Four-time Olympic gold medalist Sir Matthew Pinsent smiles as he works out on a rowing machine at the 2016 J.P. Morgan Corporate Challenge in London.
Warm feelings abound at 30th running
of London's most-popular corporate run
King Street's Stephanie Davis (top photo) reacts as she wins the women's title at 2016 J.P. Morgan Corporate Challenge in London. Immediately above, Matt Gunby of Mondrian Investment Partners captures the men's title.
LONDON, July 20, 2016 —It was the 30th running of the J.P. Morgan Corporate Challenge in London, and Mother Nature decided to bring a little symmetry to the night.
In an occurrence that is very rare for England's capital — even in the heart of summer — temperatures pushed over 30 degrees Celsius in the hours before the race. While welcome for sunbathing or other leisure activities outside of the office, it can make exercise a bit daunting.
But a sell-out crowd of 14,598 employees representing 414 companies made their way to beautiful Battersea Park for the Corporate Challenge. Welcoming breezes and shade from the gorgeous canopy of trees on the park's Central Avenue proved to be a relished finishing item. The masses were bathed in sweat and accomplishment after completing London's first and most-popular corporate run.
The celebratory 30th running also marked the 10th consecutive year that the Corporate Challenge has been held with full capacity crowds. It proved once again that corporate fitness and camaraderie is not a fad. In its 40th year of racing worldwide, the Corporate Challenge Series has sold out seven of its 10 races thus far in 2016 and is playing to 95-percent capacity in total.
J.P. Morgan Corporate Challenge Series owner and operator J.P. Morgan showed its commitment to the event by bringing 1,166 staff members across the River Thames to the starting line, including Ann Doherty, Regional Sales Executive, Investor Services. Doherty made the opening remarks and then held the finish-line tapes with local sponsor Nuffield Health's Craig Miskin.
A capacity crowd of 14,598 runners and walkers from 414 companies starts the 2016 J.P. Morgan Corporate Challenge in London.
Among all other businesses, HSBC had the largest number of entrants, with an impressive 849. Citi and PwC each delivered 400 employees to the starting line, with Ernst & Young (342), UBS (274) and RBS (249) also having outstanding showings.
An event of this scope deserves Olympic royalty, so it was appropriate that one of J.P. Morgan's special guests was the gifted rower Sir Matthew Pinsent, a 10-time World Champion and 4-time Olympic gold medalist. Pinsent saw all runners off from the start stage and presented the first-place awards to the top runners.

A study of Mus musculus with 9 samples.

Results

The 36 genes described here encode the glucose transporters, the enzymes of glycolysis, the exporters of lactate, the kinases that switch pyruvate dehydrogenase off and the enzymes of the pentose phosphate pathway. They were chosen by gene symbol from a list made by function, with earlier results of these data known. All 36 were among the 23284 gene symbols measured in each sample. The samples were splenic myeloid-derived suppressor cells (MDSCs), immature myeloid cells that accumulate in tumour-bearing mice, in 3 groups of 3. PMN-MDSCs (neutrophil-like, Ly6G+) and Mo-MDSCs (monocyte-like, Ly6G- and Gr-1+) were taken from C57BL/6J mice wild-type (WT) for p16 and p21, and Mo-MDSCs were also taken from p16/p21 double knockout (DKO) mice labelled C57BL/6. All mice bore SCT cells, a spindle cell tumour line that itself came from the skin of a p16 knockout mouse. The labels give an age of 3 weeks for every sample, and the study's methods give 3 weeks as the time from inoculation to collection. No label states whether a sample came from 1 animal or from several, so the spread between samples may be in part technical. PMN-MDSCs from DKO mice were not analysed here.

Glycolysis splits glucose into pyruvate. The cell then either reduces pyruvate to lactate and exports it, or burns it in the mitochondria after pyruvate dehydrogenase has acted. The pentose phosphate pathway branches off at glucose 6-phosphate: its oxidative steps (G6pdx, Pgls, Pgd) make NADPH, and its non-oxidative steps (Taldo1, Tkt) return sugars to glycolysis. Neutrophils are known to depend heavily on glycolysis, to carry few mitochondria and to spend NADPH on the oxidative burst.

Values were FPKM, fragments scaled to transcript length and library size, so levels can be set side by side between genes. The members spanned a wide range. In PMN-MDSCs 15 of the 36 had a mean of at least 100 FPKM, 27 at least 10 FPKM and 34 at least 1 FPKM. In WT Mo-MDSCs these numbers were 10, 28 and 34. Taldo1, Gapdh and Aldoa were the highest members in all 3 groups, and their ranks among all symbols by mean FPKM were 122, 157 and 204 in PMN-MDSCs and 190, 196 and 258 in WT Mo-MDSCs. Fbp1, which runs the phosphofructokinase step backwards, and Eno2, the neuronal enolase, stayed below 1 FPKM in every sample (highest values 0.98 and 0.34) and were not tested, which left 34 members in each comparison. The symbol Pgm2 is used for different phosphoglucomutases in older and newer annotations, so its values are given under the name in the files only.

Meeting Pinsent on the stage were the fittest workers of the evening — Matt Gunby of Mondrian Investment Partners and King Street's Stephanie Davis.
Gunby, a first-time Corporate Challenge winner, earned the men's division title with a strong, 5.6km time of 17:18. He fought off runner-up Tamas Kovacs of Mergermarket Group (17:22) and two-time champion Andrew Greenleaf of Julius Baer (17:29).
Davis won a women's duel between the two 2015 Corporate Challenge champions. Davis, who triumphed on Thursday last year, sped past the Wednesday winner, HSBC's Lara Bromilow, breaking the tape in 19:50. Bromilow's second-place effort clocked 20:43 with Ruth Purbrook of Lloyds earning the bronze in 21:58.
Impressively with the warm conditions, Davis matched her exact winning time of 2015.
Runners get ready to start the 2016 J.P. Morgan Corporate Challenge in London.
Age UK returned for its second year as the beneficiary partner of the Corporate Challenge. It will receive a private donation from the JPMorgan Chase Foundation, and all entrants have the option to make a private donation to allow Age UK to provide older people with vital companionship, advice and support. Its CEO, Tom Wright, laced them up and ran in the race with his colleagues.
A second night of racing in Battersea is on tap tomorrow, with 14,099 runners and walkers from 357 companies registered.